Getting about an hour of daily exercise could lead to higher sperm counts and reduce infertility, new research suggests, and weight-lifting appears to be particularly helpful. On the dietary front, men may want to avoid hot dogs and eat more fish to improve their sperm quality. But they don’t need to worry too much about drinking caffeinated coffee or alcohol in moderation.
Those intriguing new findings were announced last week by Harvard School of Public Health researchers at the American Society for Reproductive Medicine’s annual meeting in Boston. They’re based on lifestyle surveys and sperm samples collected from about 150 men evaluated for infertility at the Massachusetts General Hospital Fertility Center over the past six years. The exercise study has not yet been published in a peer-reviewed journal, which means we should give it a bit of extra scrutiny.
What’s more, the researchers could only make statistical associations and couldn’t prove that exercise or dietary habits directly affected sperm production.
That said, men struggling with infertility might want to consider trying some common sense lifestyle approaches to see whether they work to improve their sperm count and quality, said Jorge Chavarro, an assistant professor of nutrition and epidemiology at Harvard School of Public Health, who was a coauthor on all the new studies.
Many of these changes, he added, coincide with recommendations made by the American Heart Association to lower a man’s risk of heart disease.
Men who exercised for at least six hours a week, for example, had sperm concentrations that were 48 percent higher than those of men who barely exercised at all. While Chavarro and his colleagues still need to determine whether this would lead to higher pregnancy rates in the partners of the men who exercised most, he said it should provide an extra incentive for men to get active. Weight lifting, in particular, was associated with higher sperm counts, which he said might have something to do with a boost in testosterone levels that results from adding more muscle mass.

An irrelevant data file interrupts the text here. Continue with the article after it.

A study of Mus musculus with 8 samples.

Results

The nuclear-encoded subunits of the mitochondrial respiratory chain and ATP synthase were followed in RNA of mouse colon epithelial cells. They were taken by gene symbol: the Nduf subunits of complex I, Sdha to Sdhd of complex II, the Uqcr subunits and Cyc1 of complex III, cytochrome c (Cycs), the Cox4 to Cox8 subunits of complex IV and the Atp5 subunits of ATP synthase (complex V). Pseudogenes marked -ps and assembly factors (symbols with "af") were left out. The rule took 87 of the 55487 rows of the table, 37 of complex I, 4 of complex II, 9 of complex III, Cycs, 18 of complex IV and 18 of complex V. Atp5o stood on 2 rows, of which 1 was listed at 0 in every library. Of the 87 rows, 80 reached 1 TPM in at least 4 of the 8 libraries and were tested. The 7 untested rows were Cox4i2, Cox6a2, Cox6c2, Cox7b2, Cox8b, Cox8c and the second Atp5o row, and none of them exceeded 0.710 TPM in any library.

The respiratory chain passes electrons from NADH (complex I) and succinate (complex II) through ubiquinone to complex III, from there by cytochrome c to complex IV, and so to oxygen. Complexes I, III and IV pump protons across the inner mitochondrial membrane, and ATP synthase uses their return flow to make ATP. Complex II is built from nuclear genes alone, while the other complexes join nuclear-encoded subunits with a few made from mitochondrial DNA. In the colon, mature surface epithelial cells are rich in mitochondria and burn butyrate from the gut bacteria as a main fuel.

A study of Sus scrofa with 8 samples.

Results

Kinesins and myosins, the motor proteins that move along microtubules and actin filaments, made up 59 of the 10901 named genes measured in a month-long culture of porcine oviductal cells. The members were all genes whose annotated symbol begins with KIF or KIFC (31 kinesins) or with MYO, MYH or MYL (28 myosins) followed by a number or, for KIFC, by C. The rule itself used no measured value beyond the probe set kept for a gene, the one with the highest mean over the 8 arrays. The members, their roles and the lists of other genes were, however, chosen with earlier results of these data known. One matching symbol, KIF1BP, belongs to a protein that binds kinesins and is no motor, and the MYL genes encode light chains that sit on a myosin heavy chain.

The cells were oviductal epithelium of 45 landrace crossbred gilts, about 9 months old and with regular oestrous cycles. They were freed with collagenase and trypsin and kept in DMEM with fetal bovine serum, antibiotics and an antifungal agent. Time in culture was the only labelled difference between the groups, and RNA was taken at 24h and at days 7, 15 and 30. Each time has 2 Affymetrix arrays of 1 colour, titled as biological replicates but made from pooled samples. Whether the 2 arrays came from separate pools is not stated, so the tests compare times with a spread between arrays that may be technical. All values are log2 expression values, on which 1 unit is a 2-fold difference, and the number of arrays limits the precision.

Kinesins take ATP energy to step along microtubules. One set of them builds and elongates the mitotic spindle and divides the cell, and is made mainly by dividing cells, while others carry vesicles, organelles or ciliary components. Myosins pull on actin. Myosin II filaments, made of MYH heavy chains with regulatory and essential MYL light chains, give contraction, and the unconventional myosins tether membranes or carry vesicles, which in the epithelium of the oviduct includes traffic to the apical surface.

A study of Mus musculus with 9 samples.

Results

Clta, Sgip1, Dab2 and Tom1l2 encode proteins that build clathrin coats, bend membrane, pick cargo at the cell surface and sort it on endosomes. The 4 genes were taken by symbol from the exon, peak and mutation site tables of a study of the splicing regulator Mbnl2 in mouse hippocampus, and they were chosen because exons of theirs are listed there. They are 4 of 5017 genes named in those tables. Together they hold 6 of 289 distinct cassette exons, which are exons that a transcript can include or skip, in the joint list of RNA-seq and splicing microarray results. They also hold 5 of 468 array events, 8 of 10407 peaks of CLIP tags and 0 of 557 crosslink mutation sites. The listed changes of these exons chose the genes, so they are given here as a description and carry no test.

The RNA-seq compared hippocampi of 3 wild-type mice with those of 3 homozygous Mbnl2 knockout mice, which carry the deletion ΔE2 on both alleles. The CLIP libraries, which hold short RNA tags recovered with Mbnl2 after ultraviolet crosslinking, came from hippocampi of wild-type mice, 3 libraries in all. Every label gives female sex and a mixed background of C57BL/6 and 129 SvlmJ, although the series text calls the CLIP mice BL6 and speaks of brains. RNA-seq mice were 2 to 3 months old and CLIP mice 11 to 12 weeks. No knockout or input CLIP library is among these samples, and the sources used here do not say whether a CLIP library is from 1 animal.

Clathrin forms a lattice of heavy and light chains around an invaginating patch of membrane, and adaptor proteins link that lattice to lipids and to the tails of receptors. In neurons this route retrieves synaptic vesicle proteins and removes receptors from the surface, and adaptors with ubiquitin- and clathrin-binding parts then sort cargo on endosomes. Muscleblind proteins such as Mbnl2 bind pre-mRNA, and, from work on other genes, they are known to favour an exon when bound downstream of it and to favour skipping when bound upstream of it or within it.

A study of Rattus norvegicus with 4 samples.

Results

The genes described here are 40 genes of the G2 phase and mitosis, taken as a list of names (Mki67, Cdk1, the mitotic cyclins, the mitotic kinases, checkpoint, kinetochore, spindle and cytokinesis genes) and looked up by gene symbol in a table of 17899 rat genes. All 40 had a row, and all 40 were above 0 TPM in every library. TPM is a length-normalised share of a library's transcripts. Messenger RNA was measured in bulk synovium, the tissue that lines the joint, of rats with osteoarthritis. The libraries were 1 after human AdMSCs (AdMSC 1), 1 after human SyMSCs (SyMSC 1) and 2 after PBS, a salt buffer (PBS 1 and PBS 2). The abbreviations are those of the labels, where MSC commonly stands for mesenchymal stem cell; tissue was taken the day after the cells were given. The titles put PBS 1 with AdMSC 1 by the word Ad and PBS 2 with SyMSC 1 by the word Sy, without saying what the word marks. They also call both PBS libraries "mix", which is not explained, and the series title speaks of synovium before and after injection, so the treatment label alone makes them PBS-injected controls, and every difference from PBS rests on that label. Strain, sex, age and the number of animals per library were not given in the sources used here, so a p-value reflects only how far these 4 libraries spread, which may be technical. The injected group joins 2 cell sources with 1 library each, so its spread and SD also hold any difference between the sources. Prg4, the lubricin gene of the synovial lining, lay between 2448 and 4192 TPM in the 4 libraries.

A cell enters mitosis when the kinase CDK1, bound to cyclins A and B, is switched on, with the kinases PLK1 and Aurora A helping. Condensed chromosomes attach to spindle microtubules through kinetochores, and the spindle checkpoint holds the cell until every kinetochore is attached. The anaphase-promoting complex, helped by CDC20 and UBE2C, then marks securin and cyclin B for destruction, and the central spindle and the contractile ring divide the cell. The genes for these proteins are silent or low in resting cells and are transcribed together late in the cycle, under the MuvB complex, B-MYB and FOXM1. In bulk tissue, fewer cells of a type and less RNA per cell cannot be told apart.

Outdoor activities such as yard work, gardening, and shoveling snow were all linked to more sperm but jogging and biking appeared to have no impact. Elite bikers have been shown in previous studies to have lower sperm counts, which is likely caused by sperm getting overheated for long periods of time because of tight biker shorts and the straddled position of the biker on the seat. Biking for shorter periods and less often might have little effect on sperm, Chavarro said.
He couldn’t explain why jogging was not associated with better sperm counts but speculated that since the men in the study were light joggers, they may not have been running enough to see benefits.
With dietary factors, moderation might be the way to go. Men visiting the fertility clinic tended not to drink more than two to three cups of coffee per day, Chavarro said, likely because they were told by their doctors to minimize caffeine. They limited their alcohol to no more than two drinks a day, which is also recommended by the heart association to lower heart disease risk.
“We know from previous research that very high levels of alcohol — to the extent that it causes liver damage — is related to impaired sperm quality,” Chavarro said.
Whether meat lovers should abstain from processed meats such as hot dogs and cold cuts when they’re trying to get their partner pregnant also remains a big unknown, but another study published by Chavarro and his colleagues in the journal Fertility and Sterility and presented at the conference suggests that it might be a good idea.
Men who had at least half a serving a day of those meats had lower sperm quality than those who ate little or no processed meat. Those who ate at least one or two servings a week of white fish such as tilapia, cod, or halibut had improved sperm quality compared with those who ate none. Interestingly, eating two or three servings a week of fattier fish such as salmon and tuna was linked to a 34 percent higher sperm count — so it may pay to eat a variety of fish, which, yes, will also protect a man’s heart.
Deborah KotzDeborah Kotz can be reached at firstname.lastname@example.org. Follow her on Twitter @debkotz2.